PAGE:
Founded in 1976, the university’s original intention was to offer an alternative to the conventional university system by providing non-conventional students an opportunity to complete or attain an advanced degree. While this approach to post-secondary education may be obvious and common now, it was revolutionary just 40 years ago. UPX (once known as UoP) was also a pioneer in offering online classes, starting in earnest in the early 1990s. The school does have physical campus locations in most states, including satellite centers in Mexico, Puerto Rico, Chile, Canada and the Netherlands. But today the bread and butter for the school, and for its shareholders (NASDAQ: APOL), is its online curriculum and campus, offering continuing adult education, associate, bachelor’s, master’s and doctoral degrees.
Regardless of which side of the elbow-patched-jacket debate one might be on (affected? classic?), the emergence of the online university is either one of higher learning’s greatest democratizing forces or a move toward devalued culture and decreased expectations. A physical campus takes decades to build and becomes part of the undeniable character of a university. But a website can be built in a year and be relatively the same as any other school’s online campus. In this regard, UPX website is no exception.
The UPX site, however, looks more professional than a range of its peers. At first glance, Phoenix.edu looks as reputable as the sites for the University of Florida, the University of Oregon or the University of California-Berkeley . And one could argue the UPX site looks even more reputable than Harvard’s or Yale’s (the latter of which looks as if the school opted for its web-hosting provider’s most basic site-builder package).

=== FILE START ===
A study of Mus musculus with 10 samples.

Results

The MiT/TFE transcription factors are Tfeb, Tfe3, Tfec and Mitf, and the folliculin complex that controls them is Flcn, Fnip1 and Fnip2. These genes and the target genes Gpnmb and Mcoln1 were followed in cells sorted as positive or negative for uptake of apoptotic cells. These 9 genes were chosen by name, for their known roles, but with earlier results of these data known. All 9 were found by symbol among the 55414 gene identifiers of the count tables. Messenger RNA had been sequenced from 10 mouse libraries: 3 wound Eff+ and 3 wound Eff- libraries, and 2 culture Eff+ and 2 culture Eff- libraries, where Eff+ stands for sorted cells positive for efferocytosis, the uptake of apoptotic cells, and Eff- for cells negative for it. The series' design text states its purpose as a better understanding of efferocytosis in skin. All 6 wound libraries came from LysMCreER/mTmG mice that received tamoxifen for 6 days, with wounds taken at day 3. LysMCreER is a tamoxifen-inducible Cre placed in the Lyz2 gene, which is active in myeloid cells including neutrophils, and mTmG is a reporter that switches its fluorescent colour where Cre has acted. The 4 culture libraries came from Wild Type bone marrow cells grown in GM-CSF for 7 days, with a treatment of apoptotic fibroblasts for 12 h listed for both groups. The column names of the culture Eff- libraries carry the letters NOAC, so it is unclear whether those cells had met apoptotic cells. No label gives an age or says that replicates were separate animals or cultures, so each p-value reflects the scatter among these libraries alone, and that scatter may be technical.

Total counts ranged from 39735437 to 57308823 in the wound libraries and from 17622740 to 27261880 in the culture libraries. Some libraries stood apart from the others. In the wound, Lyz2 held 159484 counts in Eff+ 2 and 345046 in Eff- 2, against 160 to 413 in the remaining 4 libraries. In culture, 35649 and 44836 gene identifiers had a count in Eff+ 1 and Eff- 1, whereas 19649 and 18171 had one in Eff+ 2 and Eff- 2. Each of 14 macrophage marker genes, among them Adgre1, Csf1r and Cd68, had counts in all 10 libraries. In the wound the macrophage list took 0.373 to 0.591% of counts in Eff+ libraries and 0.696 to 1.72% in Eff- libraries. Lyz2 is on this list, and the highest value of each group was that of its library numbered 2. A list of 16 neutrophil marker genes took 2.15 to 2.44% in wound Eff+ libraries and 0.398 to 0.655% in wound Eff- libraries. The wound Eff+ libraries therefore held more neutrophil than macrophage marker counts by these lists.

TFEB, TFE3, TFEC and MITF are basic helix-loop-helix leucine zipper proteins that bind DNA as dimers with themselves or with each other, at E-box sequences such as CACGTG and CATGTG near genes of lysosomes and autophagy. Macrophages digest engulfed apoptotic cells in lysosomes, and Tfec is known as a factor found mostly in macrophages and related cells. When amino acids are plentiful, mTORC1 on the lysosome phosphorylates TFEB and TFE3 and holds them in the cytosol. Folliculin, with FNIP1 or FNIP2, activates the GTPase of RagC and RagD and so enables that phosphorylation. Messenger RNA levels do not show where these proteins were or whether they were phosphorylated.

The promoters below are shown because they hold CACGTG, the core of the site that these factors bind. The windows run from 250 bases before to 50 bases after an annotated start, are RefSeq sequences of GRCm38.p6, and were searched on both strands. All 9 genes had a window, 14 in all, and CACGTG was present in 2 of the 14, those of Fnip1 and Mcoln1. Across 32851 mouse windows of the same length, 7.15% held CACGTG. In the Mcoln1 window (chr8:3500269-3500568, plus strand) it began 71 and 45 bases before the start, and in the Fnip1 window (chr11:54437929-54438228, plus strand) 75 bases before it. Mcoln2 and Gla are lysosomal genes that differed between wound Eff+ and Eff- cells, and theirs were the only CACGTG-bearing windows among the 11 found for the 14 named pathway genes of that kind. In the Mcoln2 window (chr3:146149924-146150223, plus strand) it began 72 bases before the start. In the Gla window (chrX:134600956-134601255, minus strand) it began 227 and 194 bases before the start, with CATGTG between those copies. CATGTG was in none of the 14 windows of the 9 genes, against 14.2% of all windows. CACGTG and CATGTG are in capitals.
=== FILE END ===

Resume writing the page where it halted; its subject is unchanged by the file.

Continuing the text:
All the areas of interest and inquiry one might expect to find on a university website are here, including information on degree programs, admissions, financial aid and “satisfied customer” testimonials. In simple design, UXP wins the initial battle to come across as reputable not because it does an exceptional job but simply because it looks comparable to its counterparts.
This last point is important from UPX’s standpoint. If the school’s website stands out too much then the school might be perceived as different. And UPX’s goal is not to position itself as better than other universities; it is to show that its product, an education, is in no way different from those offered at any of these other, more renowned, bricks-and-mortar schools. So, you see, the only difference is that UPX is online and more convenient.
This sales pitch—the sales pitch—is at the core of the UPX “business” model. A private, shareholder-controlled university, the school has a reputation for its hyper-aggressive marketing. Indeed, a university with no physical campus faces few challenges regarding housing, transportation, etc., and so can expand at will. But not many universities have a dedicated Consumer Affairs complaint page, and if they do it’s likely not as long as UPX’s. (Harvard has all of one entry.)
In a fundamental way, universities and colleges represent the simplest, most concise examples of exactly what a “brand” is and how brand value is created. The strategic value of a university and college brand is especially reliant on, and vulnerable to, the give-and-take relationship between the brand owner (the school) and the consumer (potential students and/or employers of alumni).
As with many brands, this valuation relationship is self-reinforcing: Yale’s reputation for high education attracts the best and the brightest, which in turn reinforces Yale’s brand, which in turn attracts the best and the brightest and so on and so forth. But it is important to remember that a good portion of a school’s brand value is a result of the perceived brand of that school by many who will never go there. A school cannot just hire the best professors and then announce that it is a legitimate competitor to Yale; it must convince people, rightfully or not, that it is indeed a competitor of Yale. This requirement of building up a brand is another reason schools are excellent models of brand building through investment over a long period of time, which ultimately results in the steady increase of brand value and a return on that expanding brand value.